Last Updated on May 5, 2015, by eNotes Editorial. Word Count: 716
Joe Banks is Missie May's husband. Joe and Missie May are newlyweds who are demonstrably in love. Joe works the night shift at the local fertilizer plant, but he does not make very much money. When his week is over, he and Missie May enjoy a flirtatious game that begins with him rolling his pay in coins over their threshold. Their life is filled with ‘‘joyful mischief’’ and also genuine sweetness. ‘‘That was the best part of life—going home to Missie May.’’ They represent domestic harmony, each happy in his or her role and routine, until the flashy stranger Slemmons enters their life. Joe is impressed with the man's apparent wealth and his stories of success with women. He wants to show off his wife to Slemmons. When Missie May betrays Joe by having an affair with Slemmons, Joe is shocked and uncommunicative. He leaves Slemmons's gilded trinket around the house as if to remind Missie May of her failing, but when she gives birth to a son who looks just like Joe, he is able to fully forgive her. He buys her molasses kisses with the gilded coin, which represents affection and sweetness winning out over blame.
Missie May Banks is Joe's newly wed wife. She is enraptured with her new role as his spouse and with their domestic routine. Missie May is content to take care of their modest house and looks forward each day to Joe's return. Part of the couple's rapport involves playful banter and ‘‘mock battles’’ that end with her searching his pockets for candy and trinkets. However, real conflict enters the relationship when Missie May agrees to have sexual relations with Slemmons, a pretentious outsider who promises her gold that she knows Joe admires but cannot earn. It is implied that Missie May wants the gold not for herself but for Joe. Missie May is bereaved when Joe discovers her with Slemmons, assuming he will never love her again. Joe tells Missie May not to dwell on the past, but he reminds her of her betrayal by leaving Slemmons's gilded trinket around the house. She resolves that she will stay in the marriage until Joe leaves her, which he does not do. Their domestic routine continues, but devoid of the joyful banter and affection in which they had both reveled. Joe finally forgives Missie May completely when she gives birth to a baby boy that looks just like him.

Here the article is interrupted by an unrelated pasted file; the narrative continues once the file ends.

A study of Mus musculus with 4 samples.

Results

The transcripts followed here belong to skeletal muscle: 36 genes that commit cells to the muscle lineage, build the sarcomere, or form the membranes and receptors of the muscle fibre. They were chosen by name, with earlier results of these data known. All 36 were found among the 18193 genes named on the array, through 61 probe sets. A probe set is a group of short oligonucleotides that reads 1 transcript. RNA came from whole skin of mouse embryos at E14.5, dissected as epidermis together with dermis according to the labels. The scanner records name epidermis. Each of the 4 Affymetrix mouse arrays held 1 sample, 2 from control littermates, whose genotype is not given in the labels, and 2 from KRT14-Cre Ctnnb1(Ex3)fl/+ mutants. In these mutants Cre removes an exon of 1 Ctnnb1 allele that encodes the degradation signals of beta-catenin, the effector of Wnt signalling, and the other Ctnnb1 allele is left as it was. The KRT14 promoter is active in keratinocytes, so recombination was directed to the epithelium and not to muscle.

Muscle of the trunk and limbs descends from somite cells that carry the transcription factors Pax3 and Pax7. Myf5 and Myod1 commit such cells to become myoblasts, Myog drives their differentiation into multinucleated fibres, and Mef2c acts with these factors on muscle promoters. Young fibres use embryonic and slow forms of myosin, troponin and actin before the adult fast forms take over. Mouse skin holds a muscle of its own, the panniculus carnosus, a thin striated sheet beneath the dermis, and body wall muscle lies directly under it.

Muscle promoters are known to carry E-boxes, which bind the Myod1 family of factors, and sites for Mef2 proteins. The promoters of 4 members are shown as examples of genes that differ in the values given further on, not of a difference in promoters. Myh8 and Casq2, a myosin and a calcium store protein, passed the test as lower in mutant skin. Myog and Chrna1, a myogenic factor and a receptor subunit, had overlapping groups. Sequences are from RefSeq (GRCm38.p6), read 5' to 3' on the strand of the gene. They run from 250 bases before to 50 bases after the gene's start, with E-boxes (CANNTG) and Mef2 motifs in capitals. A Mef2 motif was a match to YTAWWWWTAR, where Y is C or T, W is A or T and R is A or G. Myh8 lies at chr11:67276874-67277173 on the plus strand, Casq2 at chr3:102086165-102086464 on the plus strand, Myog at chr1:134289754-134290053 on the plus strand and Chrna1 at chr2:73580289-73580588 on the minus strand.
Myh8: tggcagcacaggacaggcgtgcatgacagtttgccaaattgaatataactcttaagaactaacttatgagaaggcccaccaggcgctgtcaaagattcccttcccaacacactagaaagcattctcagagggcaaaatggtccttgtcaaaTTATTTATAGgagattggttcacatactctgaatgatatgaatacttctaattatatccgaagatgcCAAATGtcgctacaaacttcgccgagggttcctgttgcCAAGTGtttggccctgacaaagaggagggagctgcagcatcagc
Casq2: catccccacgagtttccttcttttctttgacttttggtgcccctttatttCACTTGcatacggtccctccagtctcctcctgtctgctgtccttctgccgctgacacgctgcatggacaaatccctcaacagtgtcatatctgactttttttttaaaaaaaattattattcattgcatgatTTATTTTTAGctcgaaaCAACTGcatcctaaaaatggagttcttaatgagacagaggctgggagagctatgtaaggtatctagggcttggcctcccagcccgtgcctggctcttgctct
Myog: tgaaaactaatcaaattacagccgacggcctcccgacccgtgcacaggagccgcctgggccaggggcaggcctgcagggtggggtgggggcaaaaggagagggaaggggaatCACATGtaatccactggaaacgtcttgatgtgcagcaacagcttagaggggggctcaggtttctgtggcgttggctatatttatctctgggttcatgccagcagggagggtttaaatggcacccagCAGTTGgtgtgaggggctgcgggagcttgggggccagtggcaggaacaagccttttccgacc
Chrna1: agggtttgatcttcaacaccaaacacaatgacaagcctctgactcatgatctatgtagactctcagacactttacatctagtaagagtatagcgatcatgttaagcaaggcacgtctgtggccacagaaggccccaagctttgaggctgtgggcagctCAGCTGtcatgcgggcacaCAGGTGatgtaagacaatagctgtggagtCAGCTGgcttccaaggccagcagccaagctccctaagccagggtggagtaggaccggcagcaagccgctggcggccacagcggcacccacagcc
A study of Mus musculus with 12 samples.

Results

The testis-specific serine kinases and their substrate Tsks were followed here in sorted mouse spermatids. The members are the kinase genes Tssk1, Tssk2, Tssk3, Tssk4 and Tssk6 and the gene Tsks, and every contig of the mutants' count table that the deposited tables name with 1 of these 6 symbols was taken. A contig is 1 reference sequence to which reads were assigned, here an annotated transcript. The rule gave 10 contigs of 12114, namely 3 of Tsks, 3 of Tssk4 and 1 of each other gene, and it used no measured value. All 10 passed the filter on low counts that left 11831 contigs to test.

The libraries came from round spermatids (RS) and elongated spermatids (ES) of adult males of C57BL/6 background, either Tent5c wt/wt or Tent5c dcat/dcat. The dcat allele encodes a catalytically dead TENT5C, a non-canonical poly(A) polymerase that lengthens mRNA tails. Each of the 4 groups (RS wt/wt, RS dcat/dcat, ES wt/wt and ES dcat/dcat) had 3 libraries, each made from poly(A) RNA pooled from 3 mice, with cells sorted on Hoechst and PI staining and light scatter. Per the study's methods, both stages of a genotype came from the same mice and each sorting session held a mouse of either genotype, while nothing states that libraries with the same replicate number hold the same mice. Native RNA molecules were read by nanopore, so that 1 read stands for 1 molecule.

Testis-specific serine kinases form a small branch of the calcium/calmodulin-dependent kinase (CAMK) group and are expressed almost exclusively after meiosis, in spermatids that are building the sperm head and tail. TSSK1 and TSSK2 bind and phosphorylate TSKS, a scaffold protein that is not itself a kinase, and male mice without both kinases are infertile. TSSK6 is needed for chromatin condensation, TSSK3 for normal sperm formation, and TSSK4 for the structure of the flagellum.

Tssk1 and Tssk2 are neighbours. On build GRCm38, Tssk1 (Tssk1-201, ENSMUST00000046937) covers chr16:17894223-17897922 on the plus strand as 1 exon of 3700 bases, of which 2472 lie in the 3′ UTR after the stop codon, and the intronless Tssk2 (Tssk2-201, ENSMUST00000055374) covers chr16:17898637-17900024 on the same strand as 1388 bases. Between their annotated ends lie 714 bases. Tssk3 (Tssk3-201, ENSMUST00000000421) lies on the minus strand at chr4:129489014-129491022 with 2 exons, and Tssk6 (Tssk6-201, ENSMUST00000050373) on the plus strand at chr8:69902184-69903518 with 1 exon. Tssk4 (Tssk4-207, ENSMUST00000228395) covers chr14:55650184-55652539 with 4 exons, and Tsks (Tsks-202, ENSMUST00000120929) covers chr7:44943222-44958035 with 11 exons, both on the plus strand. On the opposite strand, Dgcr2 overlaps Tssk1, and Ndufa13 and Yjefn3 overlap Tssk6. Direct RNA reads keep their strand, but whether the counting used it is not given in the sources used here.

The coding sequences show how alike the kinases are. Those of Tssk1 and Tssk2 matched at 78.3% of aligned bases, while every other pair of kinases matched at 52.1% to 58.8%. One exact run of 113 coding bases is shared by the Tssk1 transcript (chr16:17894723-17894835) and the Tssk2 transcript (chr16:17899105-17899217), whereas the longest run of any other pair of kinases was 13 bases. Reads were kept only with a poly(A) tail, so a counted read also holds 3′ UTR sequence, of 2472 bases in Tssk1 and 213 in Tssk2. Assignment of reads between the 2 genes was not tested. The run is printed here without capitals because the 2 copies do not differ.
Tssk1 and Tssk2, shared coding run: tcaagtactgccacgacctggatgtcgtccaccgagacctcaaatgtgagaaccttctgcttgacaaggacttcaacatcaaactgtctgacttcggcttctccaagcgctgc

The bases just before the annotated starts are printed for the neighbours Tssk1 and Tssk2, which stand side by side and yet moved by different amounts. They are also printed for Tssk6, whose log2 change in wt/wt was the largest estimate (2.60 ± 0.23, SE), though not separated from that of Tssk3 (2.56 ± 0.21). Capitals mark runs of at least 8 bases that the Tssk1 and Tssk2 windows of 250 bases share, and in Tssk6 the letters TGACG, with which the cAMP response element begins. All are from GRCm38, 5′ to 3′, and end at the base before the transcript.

A white clerk waits on Joe when he goes to Orlando to buy supplies after Missie May gives birth. He asks Joe about the gilded fifty-cent piece, and Joe tells him about Slemmons, not admitting that Slemmons tricked and cuckolded him. After Joe leaves, the clerk comments to the next customer, ‘‘Wisht I could be like those darkies.’’ The clerk interprets Joe's story in terms of stereotypes about blacks being simple and happy.
Missie May runs into Joe's mother after she has left the house, having discovered the gilded gold piece under Joe's pillow. She knows that Joe's mother doesn't like her, and the encounter reminds her of her pride and makes her resolve to keep up the ‘‘outside show’’ of her marriage. Joe's mother also attends to Missie May when she is in labor. She had not approved of the marriage, but after Missie May gives birth to Joe's son, she tells her son that he made a good choice after all.
Otis D. Slemmons
Otis D. Slemmons is a sophisticated newcomer in the small, rural, all-black community of Eatonville. He has just opened an ice-cream parlor there. Joe meets him and is impressed with his tales of seducing women and making money, while Missie May tries to boost her husband's ego by pointing out Slemmons's big gut. However, Missie May is also impressed by his ostentatious gold jewelry, wishing that she could get some for her husband. Lured by promises of gold, she agrees to have a sexual relationship with Slemmons. Only after her husband discovers them together and takes Slemmons's watch chain does Missie May realize that Slemmons is a fake, and that the gold piece he wears is nothing but a gilded fifty-cent piece. Slemmons stands for the emptiness of material wealth and the inauthenticity of big-city sophistication.